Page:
It is amazing that with all of the advances in technology, it was so darn hard for constituents to reach Pennsylvania’s Republican U.S. Sen. Pat Toomey or even his staff to tell him that they opposed Betsy DeVos as education secretary.
In the end, of course, Toomey did what everyone (especially big donors and Republican leaders) expected. He voted to approve DeVos, against the wishes of thousands of his constituents.
For weeks, people upset about DeVos’ nomination were calling Toomey’s offices. Those calls usually were met with a full voicemail box that would receive no more messages. Constituents lined up outside Toomey’s offices, also to no avail.
Philadelphia City Councilwoman Helen Gym, a longtime education supporter, and a group of disability activists did get to meet with some of Toomey’s staff last week, just hours before he announced that he would be voting to confirm DeVos – despite her poor performance testifying before senators, allegations of plagiarism on her written responses to their questions, and a lack of experience in public education.
As you may have heard, DeVos has never attended a public school, never had a child in a public school, never had any education training, could not answer basic questions about education policy in her Senate hearing, is a strong proponent of vouchers, and has supported anti-gay causes.
The lack of response from Toomey – and his declaration of support for DeVos – did little to deter those interested in making their feelings known about the potential education secretary. Toomey’s office received more than 17,000 faxes during the week starting Jan. 29. On Super Bowl Sunday, a contingent of teachers, students, and their supporters showed up at his house to remind him “not to drop the ball” on DeVos.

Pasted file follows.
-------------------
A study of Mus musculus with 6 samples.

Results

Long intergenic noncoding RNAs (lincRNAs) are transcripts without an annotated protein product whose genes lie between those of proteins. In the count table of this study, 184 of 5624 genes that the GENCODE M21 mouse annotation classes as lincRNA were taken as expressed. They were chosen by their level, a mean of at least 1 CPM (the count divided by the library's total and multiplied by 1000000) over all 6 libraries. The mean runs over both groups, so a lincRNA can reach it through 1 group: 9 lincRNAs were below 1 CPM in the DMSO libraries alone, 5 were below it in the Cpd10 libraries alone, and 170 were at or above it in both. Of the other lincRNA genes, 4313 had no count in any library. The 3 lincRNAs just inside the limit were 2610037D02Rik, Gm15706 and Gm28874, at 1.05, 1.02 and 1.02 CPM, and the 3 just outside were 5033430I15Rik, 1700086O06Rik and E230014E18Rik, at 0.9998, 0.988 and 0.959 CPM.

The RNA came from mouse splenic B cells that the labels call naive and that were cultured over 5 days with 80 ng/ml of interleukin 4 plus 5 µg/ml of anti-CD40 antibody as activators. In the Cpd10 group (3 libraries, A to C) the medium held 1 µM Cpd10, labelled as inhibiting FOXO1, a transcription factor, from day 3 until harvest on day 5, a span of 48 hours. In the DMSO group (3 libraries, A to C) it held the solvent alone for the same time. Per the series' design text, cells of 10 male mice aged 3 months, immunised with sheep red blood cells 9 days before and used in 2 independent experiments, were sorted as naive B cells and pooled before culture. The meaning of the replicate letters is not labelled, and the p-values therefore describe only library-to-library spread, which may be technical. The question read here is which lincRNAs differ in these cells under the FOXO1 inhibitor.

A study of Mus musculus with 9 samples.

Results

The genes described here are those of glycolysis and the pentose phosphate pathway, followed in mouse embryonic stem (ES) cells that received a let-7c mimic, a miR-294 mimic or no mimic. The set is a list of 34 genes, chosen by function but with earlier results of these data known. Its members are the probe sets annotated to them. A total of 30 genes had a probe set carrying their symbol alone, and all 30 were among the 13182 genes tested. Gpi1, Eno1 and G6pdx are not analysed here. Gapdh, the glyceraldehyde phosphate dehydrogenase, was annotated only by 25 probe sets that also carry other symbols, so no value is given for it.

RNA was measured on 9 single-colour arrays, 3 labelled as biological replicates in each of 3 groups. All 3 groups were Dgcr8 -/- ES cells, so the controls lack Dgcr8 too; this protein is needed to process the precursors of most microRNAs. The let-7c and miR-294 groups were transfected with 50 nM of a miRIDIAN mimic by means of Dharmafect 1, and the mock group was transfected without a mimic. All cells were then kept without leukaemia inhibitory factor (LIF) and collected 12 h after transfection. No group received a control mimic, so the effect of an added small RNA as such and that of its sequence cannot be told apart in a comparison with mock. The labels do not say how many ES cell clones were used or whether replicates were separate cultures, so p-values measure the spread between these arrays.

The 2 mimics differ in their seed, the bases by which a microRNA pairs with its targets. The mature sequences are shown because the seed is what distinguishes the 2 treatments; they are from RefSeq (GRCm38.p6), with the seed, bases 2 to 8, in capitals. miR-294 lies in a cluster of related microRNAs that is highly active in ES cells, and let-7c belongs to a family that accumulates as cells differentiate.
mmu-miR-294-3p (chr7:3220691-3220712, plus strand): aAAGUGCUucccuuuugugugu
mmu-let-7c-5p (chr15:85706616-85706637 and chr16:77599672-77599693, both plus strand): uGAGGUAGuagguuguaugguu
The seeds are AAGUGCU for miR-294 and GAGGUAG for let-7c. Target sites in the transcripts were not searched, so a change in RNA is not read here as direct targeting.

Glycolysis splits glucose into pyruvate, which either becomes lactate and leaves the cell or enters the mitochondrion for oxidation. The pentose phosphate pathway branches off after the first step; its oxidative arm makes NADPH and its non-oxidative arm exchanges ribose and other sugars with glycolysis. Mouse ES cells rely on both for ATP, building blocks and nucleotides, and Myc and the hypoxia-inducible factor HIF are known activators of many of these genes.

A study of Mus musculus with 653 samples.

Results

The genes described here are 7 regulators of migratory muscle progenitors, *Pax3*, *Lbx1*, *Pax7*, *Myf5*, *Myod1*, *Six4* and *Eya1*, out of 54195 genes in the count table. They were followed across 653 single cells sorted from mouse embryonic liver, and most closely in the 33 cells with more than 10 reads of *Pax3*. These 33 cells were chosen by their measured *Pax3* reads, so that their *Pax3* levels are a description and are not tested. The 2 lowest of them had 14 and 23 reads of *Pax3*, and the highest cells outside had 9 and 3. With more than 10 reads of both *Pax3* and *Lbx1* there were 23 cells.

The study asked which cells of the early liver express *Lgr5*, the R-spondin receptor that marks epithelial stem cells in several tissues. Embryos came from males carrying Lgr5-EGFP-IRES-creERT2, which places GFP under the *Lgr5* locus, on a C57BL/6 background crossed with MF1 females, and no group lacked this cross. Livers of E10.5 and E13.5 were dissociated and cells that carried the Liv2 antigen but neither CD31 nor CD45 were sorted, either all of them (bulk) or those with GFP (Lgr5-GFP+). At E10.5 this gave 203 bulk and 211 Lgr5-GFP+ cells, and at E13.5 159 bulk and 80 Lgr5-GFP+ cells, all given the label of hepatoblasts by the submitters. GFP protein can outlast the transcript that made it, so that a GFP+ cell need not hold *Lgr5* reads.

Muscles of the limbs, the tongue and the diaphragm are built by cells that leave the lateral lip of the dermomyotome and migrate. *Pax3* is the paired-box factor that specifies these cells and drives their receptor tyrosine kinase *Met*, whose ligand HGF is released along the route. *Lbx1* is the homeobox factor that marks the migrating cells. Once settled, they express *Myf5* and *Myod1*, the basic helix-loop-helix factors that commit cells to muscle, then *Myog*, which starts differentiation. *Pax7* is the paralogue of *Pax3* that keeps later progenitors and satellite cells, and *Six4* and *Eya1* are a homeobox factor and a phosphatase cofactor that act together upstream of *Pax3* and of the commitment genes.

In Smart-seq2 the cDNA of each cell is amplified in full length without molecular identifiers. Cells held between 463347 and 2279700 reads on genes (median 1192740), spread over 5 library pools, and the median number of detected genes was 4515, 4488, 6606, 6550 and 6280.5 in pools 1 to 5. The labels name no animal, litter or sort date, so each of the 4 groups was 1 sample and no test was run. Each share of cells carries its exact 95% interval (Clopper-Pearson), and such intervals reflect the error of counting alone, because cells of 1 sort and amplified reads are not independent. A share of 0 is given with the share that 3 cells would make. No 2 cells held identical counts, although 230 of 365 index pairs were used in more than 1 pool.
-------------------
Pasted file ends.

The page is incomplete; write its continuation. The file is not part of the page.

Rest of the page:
You have to wonder, with all those calls, emails, faxes, and personal visits by thousands of constituents from public, private and charter schools, why would Toomey be so unwilling to even talk to the people who oppose DeVos, let alone consider their wishes?
The answer is probably what you think it is.
Just like five of the 12 Republican senators who voted to move DeVos’ nomination on for a full Senate vote, Toomey has received political campaign contributions from DeVos.
According to the Center for American Progress, DeVos has given more than $60,000 to Toomey. In fact, she has given nearly $1 million to 21 Republican senators who will be voting to confirm her.
DeVos herself conceded in her Senate hearing that she and her family have donated more than $200 million to Republican campaigns conservative causes. According to an article in New Yorker magazine, DeVos wrote about her family’s desire to influence politics with their money.
“My family is the biggest contributor of soft money to the Republican National Committee,” she wrote in the Capitol Hill newspaper Roll Call, according to the New Yorker. “I have decided to stop taking offense at the suggestion that we are buying influence. Now I simply concede the point. They are right. We do expect something in return. We expect to foster a conservative governing philosophy consisting of limited government and respect for traditional American virtues. We expect a return on our investment.”
Taking a page out of DeVos’ playbook, Philadelphia educator Katherine Fritz received national attention when she launched an online fundraising campaign to “buy Toomey’s vote” for DeVos opponents. In four days, more than 4,000 people donated nearly $69,000. All the money collected is going to charity.
For his part, Toomey told a radio host that he thought Fritz’s campaign was “funny.”
We are not laughing. First Toomey dodges his constituents for weeks, then he blithely dismisses more than 4,000 people offering up their hard-earned money (probably not a lot of billionaires among those donors) to get his attention.
In the end, however, Toomey may be right that there is a joke in the DeVos appointment. Unfortunately, it is on all of us.